High performance computing (HPC) at Bath supports a growing and wide range of research activities across the University. Over the coming months, the University is investing in a new state-of-the-art research computing infrastructure.

Our old supercomputer named Balena, will be replaced by a powerful HPC environment based within Microsoft Azure Cloud, and a new bespoke on-campus HTC (High Throughput Computing) cluster running software applications that can’t be moved off campus.

In addition to these two new environments, academics at Bath will continue to have access to GW4’s regional Isambard HPC service.

Leading the way in research computing

As the first university worldwide to move almost all its HPC research to the Microsoft Azure cloud platform, Bath is leading the way in research computing.

With the new cloud environment, Bath's academics and research students will get:

  • No queue access to tackle much larger and more complex research challenges
  • Significantly reduced compute times, speeding up our process of scientific discovery
  • A large diversity of cutting edge compute options, regularly updated to meet evolving research needs

Proof of concept pilot

The decision to move to cloud research computing follows two years of exploring the suitability of the new infrastructure. Last summer the University successfully ran a pilot HPC cloud service with 24 researchers.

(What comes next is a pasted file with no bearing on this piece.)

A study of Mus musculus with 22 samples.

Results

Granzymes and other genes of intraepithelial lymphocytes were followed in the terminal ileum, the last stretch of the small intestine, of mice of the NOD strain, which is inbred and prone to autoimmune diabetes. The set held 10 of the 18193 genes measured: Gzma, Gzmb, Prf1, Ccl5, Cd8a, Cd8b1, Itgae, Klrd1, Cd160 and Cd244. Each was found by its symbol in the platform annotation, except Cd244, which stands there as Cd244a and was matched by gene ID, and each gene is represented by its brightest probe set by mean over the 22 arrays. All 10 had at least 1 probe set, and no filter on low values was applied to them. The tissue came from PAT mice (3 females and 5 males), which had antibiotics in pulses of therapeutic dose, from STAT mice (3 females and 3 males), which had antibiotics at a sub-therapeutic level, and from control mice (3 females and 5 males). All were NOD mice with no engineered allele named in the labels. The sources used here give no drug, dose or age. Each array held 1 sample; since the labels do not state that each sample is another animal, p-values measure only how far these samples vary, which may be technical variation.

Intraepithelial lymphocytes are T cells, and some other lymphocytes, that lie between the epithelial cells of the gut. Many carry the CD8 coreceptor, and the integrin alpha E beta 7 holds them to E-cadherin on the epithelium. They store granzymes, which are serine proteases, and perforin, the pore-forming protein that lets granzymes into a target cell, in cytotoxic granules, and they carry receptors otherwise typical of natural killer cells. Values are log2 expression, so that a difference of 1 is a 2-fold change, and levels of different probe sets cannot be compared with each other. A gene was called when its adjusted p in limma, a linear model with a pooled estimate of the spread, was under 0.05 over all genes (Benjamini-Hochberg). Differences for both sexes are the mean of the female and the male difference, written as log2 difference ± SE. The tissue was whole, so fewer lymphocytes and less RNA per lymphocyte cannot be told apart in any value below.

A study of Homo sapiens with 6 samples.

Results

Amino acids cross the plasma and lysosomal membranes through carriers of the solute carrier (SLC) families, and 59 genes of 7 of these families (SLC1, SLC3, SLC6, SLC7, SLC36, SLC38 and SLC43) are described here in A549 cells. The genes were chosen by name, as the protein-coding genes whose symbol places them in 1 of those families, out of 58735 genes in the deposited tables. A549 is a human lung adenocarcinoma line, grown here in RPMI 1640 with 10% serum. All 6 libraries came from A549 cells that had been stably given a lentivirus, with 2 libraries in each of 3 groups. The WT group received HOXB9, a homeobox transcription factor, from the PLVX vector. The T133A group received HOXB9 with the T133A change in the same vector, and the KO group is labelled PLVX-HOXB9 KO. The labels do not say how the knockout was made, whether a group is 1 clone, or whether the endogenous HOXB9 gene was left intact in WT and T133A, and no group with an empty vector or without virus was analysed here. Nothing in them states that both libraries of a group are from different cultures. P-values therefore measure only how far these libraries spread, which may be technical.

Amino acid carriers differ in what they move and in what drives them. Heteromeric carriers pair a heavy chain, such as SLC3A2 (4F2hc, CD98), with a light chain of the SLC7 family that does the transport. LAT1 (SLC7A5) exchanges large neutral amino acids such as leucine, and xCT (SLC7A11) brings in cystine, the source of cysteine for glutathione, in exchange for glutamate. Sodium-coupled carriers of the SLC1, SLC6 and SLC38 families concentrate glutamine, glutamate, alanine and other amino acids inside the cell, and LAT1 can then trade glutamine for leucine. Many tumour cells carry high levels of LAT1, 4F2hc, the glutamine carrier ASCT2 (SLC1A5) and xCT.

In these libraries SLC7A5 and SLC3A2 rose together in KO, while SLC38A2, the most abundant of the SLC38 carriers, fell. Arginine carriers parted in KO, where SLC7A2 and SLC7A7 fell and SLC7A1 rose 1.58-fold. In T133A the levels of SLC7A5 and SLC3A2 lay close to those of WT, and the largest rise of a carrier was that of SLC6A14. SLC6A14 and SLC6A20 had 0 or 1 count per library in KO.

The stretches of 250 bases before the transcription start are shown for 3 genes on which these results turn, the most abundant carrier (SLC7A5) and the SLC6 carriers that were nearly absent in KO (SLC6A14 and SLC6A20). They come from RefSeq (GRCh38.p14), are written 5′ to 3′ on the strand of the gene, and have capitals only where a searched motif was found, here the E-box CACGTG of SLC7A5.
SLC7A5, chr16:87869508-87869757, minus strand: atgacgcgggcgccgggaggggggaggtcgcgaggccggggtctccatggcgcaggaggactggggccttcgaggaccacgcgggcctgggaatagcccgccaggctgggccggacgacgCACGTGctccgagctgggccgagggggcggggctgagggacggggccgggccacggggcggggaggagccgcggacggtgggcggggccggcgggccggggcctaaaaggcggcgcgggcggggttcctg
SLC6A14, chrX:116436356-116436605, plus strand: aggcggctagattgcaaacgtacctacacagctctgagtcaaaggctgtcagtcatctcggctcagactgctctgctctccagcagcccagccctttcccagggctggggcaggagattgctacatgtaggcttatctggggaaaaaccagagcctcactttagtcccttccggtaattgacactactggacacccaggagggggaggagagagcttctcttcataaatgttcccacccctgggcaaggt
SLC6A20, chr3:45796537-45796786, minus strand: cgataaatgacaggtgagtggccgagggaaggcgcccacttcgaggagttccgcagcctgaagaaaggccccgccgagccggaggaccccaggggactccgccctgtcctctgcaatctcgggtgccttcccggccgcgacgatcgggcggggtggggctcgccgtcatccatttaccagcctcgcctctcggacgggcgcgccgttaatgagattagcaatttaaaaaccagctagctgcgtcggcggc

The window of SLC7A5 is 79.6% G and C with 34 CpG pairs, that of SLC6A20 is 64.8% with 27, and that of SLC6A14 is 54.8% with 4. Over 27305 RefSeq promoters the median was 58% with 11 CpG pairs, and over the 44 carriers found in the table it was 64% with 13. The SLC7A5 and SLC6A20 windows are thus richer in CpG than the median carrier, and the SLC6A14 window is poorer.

Commenting on her experience of taking part in the pilot, Dr Katharine Fraser, Lecturer in Mechanical Engineering, said:

“We used Azure as part of the pilot project for running our computational fluid dynamics simulations with the program OpenFoam. It was great to be able to run these large simulations just when we wanted, rather than waiting in the queue, and transitioning from Balena was straightforward with Azure having a user-friendly interface.

“In future, the wide variety of nodes will be beneficial for running different types of simulations. The flexibility that cloud computing promises for engineering research is really exciting!"

Prof Nick Brook, Dean of the Faculty of Science and member of the Project Board, said:

“This is an exciting time for research computing at the University. Embracing Cloud solutions will allow us to respond nimbly to emerging needs and requirements.

“There will be challenges along the way but I’m looking forward to working with the Advancing Research Computing group within DDaT to deliver computing solutions to meet the ambition of the University’s research agenda.”